Advance Care Planning With Alzheimer’s
November is National Alzheimer’s Disease Awareness Month, a time aimed to educate the public about Alzheimer’s, the far reaching scope of this disease among Americans, and the importance of care planning.
My late wife, Linda A. Meyer, PhD died at the end of 2019 after living with Alzheimer’s and its debilitating effects for seven years. Decades before Linda’s diagnosis we cared for her mother, a retired nurse, as she succumbed to Alzheimer’s disease. Linda’s mother did not prepare her advance care directive and never communicated her end-of-life wishes to her family.
The experience served as the impetus for Linda drafting her preferences, including guidance in the case of a dementia diagnosis. After experiencing the absence of her mother’s advance directive, Linda was not going to allow her own wishes to remain unknown.
As is common enough, advanced Alzheimer’s disease left Linda with adequate mobility but virtually no judgment or protective reflexes. I was schooled by her doctor that falls were inevitable and that unavoidable injuries might well be one of the doors through which she would exit this life.
The explicit advance directive Linda wrote many years before, as her mother struggled with her own disease, proved to be the most meaningful guidance in her end-of-life care. She stated that in the case of dementia, she wanted palliative care only. Palliative care is a form of care for people with serious illnesses. She requested no antibiotics, no labs, no transport to the ER, no CPR, no assisted feeding. Nothing but palliative care or hospice, which is care in the last 6 months of life.
On Christmas Eve of 2019 Linda had her final fall, resulting in enough injuries to qualify for hospice. Linda’s explicitly outlined end-of-life wishes influenced her hospice doctor to provide immediate care that was clearly aligned with her desires. He soon placed her on palliative sedation, a medical protocol to reduce consciousness to relieve extreme pain and suffering, usually resulting in death. A week later, on New Year’s Eve, Linda died peacefully.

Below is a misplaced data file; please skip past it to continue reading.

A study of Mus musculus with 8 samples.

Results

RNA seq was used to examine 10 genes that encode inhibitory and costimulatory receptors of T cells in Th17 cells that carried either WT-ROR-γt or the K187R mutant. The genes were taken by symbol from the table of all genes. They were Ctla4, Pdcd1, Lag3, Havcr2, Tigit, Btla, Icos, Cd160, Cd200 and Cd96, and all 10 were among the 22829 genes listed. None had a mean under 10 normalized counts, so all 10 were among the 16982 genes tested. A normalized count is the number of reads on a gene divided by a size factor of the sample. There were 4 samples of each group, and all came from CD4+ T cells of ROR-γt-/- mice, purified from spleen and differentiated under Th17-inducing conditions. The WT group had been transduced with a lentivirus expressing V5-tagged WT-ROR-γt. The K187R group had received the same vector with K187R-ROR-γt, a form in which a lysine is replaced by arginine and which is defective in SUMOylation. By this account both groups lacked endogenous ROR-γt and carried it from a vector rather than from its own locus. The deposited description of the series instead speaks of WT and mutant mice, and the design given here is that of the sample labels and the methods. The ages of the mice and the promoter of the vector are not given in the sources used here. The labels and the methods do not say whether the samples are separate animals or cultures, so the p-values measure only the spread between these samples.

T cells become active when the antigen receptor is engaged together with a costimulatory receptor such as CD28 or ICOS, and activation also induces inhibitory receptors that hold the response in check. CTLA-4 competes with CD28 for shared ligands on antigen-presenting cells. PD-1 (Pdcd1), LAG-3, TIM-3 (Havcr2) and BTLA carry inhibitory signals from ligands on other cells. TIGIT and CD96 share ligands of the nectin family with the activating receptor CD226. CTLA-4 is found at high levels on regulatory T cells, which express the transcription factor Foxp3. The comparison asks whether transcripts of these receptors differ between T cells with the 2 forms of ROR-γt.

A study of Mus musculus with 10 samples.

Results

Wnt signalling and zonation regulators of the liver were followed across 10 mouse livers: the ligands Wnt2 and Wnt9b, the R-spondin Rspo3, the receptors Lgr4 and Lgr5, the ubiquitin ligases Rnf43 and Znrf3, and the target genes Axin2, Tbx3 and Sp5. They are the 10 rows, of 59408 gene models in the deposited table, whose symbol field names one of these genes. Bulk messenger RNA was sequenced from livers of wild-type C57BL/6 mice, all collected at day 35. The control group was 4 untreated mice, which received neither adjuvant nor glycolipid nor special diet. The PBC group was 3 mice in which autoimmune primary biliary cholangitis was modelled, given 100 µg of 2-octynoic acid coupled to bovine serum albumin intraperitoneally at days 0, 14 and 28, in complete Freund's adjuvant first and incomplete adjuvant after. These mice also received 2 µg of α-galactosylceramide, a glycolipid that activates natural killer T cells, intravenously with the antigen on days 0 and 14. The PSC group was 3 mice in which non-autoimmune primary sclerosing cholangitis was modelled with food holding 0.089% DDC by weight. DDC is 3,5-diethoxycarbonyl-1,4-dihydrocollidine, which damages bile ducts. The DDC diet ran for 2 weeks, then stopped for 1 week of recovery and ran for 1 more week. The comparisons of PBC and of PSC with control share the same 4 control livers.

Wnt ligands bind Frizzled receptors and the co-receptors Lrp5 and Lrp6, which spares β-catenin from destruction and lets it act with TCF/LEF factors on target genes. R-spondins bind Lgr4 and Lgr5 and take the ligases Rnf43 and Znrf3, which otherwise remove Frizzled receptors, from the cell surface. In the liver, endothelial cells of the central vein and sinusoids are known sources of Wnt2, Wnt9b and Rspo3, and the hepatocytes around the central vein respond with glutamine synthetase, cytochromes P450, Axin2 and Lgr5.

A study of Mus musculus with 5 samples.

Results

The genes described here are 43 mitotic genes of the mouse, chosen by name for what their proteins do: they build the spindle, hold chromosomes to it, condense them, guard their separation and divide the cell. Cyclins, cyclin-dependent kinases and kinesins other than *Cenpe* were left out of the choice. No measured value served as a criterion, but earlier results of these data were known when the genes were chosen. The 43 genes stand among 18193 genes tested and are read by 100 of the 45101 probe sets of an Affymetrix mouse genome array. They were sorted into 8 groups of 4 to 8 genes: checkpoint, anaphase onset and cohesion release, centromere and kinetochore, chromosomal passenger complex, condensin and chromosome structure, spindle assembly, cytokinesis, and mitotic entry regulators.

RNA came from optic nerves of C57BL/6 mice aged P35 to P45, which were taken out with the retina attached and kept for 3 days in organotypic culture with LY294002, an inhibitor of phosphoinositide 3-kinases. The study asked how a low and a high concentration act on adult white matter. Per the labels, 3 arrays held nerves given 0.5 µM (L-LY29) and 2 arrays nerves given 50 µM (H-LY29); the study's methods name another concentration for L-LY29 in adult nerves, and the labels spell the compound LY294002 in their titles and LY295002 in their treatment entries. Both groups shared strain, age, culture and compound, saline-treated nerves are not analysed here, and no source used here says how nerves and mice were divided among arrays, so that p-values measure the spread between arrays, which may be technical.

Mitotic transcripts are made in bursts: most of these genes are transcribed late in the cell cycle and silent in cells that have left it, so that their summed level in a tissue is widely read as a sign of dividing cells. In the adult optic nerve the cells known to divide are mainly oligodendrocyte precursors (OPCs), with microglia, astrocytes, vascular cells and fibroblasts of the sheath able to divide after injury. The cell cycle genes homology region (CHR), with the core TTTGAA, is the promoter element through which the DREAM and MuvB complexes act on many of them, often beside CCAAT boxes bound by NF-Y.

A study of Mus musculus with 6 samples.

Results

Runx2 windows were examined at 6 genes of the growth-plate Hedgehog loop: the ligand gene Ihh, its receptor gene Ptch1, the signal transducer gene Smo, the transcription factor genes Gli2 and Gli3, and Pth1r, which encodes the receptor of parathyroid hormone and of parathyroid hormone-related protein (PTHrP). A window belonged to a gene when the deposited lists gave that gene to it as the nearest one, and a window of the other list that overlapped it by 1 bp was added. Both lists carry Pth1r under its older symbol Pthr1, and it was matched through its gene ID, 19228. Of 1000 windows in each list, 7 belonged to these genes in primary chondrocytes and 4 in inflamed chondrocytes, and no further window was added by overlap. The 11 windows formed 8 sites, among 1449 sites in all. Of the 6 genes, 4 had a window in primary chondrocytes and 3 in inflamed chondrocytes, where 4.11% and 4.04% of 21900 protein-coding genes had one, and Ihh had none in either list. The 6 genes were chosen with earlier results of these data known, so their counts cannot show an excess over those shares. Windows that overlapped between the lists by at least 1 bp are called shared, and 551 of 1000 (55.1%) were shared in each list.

Unfortunately, many people are unprepared when serious things come up, such as making a decision about resuscitating someone with dementia or disabling a pacemaker. They’ve never thought about what it would be like to say “no.” The consequence is that people default to “yes” and may inadvertently consign their loved one to many more months of suffering, without sufficient reflection as to what the loved one’s wishes may be.
I encourage people to take advantage of Compassion & Choices’ Dementia Tools. The resources are free, empowering and simplify the process of advance care planning and communicating those important wishes with others. Learn more about both online tools and test them out yourself to make informed decisions around end-of-life care:
This tool walks individuals through the common stages of dementia and helps them to identify when, if ever, their goal for care may change from “do everything possible” to “allow for my natural death.” The tool allows users to create a Dementia Healthcare Directive to add to a standard advance directive, which empowers healthcare proxies to implement critical, informed decisions — guilt-free — on a patient’s behalf.
This tool allows users to indicate the current status of their dementia diagnosis, specify what they hope to learn and accomplish from an upcoming clinical appointment, and customize that experience from a list of helpful questions. Responses can then be printed or emailed to a provider or family member to ensure that these high-stakes medical appointments allow for the important discussions that everybody in the room needs to be part of.